Very special thanks to...

Dan Perlman, for "inspiring" us to create this guide in the first place, and for sharing his love of the natural world with us, his Field Biology students.

Peter Kenlan, for being a fountain of good ideas and general wisdom, for viewing and critiquing draft upon draft of this site during its creation, and for loving trees.

Rob Jackel, for the use of his digital camera program, CD burner, time, and for being a continual source of amusement.

Deb Verhoff and the rest of the Instructional Technology Resource Center staff, for support with Adobe GoLive and Photoshop, and for trying to keep straight faces when we would wander in fifteen minutes before closing to scan dried leaves.

...and all of the rest of our friends for putting up with hours of tree-talk, even more hours of webpaging, random disappearances at the first hint of an unknown plant, and old sumac berries drying in dirty tupperware (I didn finally clean them up).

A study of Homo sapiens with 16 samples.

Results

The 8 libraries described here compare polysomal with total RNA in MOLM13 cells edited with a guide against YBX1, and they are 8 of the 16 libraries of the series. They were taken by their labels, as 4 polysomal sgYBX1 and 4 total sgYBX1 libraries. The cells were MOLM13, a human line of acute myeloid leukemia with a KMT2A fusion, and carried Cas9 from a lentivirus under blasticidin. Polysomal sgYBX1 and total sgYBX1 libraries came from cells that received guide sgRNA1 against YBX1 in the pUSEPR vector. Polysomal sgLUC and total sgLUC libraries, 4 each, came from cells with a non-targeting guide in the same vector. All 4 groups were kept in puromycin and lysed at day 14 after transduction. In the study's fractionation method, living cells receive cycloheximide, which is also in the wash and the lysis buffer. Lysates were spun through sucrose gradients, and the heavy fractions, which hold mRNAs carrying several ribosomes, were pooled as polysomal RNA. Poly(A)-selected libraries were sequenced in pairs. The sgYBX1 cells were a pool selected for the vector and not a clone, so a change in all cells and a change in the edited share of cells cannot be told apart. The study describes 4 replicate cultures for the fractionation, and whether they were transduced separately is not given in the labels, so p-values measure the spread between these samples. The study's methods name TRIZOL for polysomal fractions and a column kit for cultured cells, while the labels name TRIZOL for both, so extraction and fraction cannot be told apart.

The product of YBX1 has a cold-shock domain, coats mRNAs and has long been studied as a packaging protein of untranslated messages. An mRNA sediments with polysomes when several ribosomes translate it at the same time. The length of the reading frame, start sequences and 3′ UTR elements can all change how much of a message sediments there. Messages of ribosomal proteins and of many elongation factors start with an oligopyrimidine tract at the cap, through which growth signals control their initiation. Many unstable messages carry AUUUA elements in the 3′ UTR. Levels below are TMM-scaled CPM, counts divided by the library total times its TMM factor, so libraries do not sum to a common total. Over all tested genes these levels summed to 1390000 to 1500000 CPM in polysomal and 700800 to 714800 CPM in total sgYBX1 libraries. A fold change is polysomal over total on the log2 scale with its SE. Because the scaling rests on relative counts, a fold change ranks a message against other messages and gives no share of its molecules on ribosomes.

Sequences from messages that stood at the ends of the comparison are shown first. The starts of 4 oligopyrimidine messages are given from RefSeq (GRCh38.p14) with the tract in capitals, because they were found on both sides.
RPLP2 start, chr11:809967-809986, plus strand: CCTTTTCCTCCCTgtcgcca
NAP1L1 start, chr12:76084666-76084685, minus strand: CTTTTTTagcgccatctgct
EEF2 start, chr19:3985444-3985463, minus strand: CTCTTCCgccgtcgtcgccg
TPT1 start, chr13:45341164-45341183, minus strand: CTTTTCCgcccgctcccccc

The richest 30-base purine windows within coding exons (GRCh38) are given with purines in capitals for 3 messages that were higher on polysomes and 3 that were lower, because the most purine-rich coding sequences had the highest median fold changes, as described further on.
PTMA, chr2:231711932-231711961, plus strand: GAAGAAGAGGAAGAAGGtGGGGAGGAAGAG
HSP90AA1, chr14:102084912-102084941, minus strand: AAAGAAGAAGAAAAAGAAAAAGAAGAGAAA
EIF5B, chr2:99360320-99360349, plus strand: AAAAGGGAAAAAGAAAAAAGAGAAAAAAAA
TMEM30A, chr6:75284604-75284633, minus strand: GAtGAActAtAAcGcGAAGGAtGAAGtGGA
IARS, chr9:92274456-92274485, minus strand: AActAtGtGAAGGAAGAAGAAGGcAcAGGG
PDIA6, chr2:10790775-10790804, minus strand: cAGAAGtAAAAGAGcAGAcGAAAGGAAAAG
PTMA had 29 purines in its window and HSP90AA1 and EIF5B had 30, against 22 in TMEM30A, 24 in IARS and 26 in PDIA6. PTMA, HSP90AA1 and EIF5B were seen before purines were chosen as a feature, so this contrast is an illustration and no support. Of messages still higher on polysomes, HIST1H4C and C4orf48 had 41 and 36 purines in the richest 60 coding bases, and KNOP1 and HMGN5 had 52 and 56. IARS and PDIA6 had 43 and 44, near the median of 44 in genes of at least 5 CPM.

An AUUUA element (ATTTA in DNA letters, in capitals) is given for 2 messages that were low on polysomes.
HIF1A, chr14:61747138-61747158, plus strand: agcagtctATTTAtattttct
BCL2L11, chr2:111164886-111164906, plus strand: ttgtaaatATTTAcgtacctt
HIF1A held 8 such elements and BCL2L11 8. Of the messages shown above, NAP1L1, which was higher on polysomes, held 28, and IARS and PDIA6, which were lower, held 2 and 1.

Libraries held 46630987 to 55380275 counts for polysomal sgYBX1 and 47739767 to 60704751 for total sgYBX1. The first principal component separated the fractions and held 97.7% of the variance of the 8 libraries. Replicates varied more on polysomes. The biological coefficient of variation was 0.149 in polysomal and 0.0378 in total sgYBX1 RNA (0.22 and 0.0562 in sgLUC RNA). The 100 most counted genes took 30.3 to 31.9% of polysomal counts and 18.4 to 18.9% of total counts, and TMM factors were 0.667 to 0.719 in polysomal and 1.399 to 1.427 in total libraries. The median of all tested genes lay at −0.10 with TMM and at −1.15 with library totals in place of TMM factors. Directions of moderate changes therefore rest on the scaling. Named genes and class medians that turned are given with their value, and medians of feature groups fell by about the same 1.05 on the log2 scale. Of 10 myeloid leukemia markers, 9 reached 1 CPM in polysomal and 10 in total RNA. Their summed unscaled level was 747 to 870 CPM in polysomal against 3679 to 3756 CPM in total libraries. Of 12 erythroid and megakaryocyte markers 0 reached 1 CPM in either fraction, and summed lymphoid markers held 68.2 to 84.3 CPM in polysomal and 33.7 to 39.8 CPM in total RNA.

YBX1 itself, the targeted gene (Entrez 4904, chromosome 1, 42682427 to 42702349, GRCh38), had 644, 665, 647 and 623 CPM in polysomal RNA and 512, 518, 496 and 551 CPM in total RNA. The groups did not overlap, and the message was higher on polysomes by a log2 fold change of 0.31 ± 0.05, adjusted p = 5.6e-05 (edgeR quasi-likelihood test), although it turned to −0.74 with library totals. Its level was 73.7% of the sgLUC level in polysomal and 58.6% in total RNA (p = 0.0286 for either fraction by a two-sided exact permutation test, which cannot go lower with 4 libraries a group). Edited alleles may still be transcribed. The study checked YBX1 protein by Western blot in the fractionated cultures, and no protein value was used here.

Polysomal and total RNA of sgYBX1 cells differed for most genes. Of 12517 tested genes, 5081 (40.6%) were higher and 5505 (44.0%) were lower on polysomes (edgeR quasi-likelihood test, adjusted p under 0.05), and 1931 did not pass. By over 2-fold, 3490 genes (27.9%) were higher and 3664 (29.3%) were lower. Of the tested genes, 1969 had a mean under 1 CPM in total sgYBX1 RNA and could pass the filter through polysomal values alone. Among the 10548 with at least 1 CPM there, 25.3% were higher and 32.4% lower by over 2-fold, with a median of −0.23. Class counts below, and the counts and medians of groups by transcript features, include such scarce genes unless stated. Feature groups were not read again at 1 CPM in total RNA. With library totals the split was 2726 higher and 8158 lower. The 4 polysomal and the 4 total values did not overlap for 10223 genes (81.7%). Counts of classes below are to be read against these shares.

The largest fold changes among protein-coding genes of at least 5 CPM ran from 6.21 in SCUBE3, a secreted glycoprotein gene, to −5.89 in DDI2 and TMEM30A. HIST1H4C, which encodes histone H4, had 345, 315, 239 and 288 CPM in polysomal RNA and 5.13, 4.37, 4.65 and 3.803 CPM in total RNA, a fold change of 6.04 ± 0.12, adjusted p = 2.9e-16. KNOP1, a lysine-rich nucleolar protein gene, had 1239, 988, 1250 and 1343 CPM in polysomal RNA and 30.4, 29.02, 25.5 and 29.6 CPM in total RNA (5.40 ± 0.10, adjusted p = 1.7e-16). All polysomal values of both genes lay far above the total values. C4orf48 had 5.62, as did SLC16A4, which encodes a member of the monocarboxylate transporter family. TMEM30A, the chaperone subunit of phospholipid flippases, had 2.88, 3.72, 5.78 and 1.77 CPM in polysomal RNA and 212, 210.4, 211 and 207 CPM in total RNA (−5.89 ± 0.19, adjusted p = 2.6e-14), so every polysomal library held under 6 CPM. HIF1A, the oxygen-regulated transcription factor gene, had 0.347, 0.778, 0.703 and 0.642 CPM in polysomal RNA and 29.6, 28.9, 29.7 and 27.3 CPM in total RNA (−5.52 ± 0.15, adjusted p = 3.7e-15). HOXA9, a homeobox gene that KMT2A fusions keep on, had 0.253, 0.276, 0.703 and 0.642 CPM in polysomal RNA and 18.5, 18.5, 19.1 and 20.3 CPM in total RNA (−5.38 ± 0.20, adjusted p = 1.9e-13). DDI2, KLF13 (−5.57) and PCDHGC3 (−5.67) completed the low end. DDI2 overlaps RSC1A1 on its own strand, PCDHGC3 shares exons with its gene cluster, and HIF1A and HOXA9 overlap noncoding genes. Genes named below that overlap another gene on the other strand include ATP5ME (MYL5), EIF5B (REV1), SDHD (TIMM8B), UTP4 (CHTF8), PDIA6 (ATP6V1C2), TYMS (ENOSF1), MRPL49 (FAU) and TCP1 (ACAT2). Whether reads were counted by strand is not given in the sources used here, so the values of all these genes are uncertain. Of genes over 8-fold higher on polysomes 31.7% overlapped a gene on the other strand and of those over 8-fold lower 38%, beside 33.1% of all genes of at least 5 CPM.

Whether it pleases you or infuriates you to know, this field guide wouldn't exist without you.


References:

The three main books that aided us in the creation of this field guide were:

  • Gibbons, Euell. Stalking the Wild Asparagus. Putney: Hood, Alan C. & Company, Inc., 1987.
  • Peterson, Lee A. A Field Guide to Edible Wild Plants of Eastern and Central North America. New York: Houghton-Mifflin Company, 1977.
  • Petrides, George A. & Wehr, J. A Field Guide to Eastern Trees: Eastern United States and Canada, Including the Midwest. New York: Houghton-Mifflin Company, 1998.


Additionally, the following website was of great use to us (and might be to you as well):


Except where specifically noted, all text, photographs, and drawings copyright Chris Bersbach and Lisa Leombruni 2002. No part of this page may be reproduced without the express permission of the authors.